By Laura Reiley, Times Food Critic
Published September 13, 2007
Readers responding to the diner-rated Zagat surveys list noise as the second-most problematic part of their restaurant experiences (second only to poor service). People hate airstrip-loud restaurants, yet they abound. When I reviewed for the San Francisco Chronicle, I took a noise meter to each review and the recorded decibel level was published at the end of each story.
Under 65 decibels: pleasantly quiet, can talk easily
65-70 decibels: the level of normal conversation at 3 to 5 feet or that of a normal piano practice
70-75 decibels: talking normally gets difficult
75-80 decibels: can only talk in raised voices (75-85 is the level of chamber music in a small auditorium, 80 decibels is the dial tone of a telephone)
80+ decibels: too noisy for normal conversation
Continued exposure to noise at 85 decibels or higher eventually can cause hearing loss, according to standards set by the National Institute for Occupational Safety and Health. Current trends toward large-volume restaurants with high ceilings, hard surfaces and open kitchens exacerbate the risks.
One recent study found that patrons tend to spend a little less and stay a shorter time in a noisy restaurant. But in quieter restaurants, patrons lingered and spent 40 percent more on alcohol. Because most restaurants get a large percentage of their profits from alcohol, it stands to reason that lowering noise increases profits.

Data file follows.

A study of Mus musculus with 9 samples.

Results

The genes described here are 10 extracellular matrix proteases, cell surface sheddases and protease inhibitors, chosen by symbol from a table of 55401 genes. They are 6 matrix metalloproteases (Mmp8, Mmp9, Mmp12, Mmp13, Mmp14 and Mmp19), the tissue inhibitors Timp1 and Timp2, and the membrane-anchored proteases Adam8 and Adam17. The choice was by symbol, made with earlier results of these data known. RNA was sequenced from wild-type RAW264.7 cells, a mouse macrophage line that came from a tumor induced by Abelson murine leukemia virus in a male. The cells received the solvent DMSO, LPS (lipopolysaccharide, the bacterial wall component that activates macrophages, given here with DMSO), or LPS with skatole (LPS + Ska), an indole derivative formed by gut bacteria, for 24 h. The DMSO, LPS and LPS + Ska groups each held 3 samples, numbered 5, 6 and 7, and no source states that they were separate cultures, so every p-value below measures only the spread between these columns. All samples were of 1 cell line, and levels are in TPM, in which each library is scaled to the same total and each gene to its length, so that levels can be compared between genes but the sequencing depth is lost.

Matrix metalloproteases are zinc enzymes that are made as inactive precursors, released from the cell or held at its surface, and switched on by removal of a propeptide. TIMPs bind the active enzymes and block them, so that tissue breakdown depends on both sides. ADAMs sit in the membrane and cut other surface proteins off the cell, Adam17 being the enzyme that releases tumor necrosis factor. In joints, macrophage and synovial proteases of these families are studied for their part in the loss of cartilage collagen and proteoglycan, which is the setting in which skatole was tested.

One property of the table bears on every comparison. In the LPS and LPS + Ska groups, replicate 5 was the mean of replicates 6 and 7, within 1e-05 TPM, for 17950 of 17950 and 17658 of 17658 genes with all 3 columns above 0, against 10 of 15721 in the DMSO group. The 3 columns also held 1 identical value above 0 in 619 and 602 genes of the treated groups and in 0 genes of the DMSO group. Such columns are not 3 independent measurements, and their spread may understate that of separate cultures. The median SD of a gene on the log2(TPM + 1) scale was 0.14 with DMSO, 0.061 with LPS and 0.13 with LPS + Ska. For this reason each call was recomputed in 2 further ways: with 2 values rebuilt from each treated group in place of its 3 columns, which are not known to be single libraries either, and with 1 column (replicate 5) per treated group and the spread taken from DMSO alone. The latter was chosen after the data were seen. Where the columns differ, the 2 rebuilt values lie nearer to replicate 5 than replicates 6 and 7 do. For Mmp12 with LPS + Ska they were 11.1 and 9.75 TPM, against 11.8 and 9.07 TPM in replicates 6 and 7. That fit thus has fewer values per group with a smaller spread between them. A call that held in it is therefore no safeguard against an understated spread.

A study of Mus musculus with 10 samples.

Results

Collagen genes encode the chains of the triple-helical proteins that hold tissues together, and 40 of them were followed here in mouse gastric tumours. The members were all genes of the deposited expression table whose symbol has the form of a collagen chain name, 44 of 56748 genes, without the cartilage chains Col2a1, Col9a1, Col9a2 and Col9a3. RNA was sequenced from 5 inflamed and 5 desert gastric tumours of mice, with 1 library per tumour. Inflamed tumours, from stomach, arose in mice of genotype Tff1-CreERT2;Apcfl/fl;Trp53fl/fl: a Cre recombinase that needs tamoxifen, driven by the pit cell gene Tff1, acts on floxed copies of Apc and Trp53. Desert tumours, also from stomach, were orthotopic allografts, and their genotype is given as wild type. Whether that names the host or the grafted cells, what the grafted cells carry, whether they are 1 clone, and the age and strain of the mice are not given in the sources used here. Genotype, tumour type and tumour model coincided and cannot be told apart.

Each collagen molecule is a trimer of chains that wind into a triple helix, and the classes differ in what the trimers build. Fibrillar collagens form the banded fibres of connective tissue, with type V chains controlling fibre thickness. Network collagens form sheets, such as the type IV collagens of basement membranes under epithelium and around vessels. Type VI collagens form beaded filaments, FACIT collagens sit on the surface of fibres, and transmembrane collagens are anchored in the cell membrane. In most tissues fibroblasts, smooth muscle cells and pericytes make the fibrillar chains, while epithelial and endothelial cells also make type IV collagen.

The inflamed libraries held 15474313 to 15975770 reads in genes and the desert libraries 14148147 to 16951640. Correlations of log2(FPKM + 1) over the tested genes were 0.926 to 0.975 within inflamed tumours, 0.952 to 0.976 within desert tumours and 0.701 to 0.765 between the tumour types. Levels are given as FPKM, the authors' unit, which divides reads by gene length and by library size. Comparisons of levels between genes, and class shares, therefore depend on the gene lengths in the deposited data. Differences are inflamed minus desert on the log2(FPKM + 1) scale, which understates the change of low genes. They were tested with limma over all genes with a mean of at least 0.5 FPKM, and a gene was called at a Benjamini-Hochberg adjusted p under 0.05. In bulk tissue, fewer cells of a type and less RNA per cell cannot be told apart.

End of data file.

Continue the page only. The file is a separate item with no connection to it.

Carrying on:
But how do you cut the din?
Scott Coverdale, a design associate at Performance Media Industries, a sound engineering company in Fairfax, Calif., said there are numerous ways to ameliorate a serious noise problem.
A simple plate of glass between the dining room and the trendy exhibition kitchen can minimize kitchen noise in the dining room yet preserve the drama of kitchen activities.
Carpeting on the floor, velvet- or velour-covered chairs and heavy velour drapes (velour has the most sound absorptive properties, that's why you see it in stage theaters) all help. But, Coverdale notes, "Drapes have to be pleated, not flat, and the further off the wall you suspend them, the better they behave."
Architectural finishes like wood paneling engineered to absorb noise can help. Acoustical absorber panels can even be disguised as artwork.
Coverdale also urges restaurant owners to consider their HVAC and plumbing systems; a loud blower adds noise. Exterior traffic noise can be muted with a vestibule or second entrance door or curtain. "There really is good science to fix this stuff, but as with many things it comes down to spending some of those restaurant profits," Coverdale said.
While OSHA representatives purportedly conduct regular noise readings at noisy venues, the fluctuation of decibel levels in restaurants makes it hard to police. Restaurants must police themselves, with the public's health and their own bottom line in mind.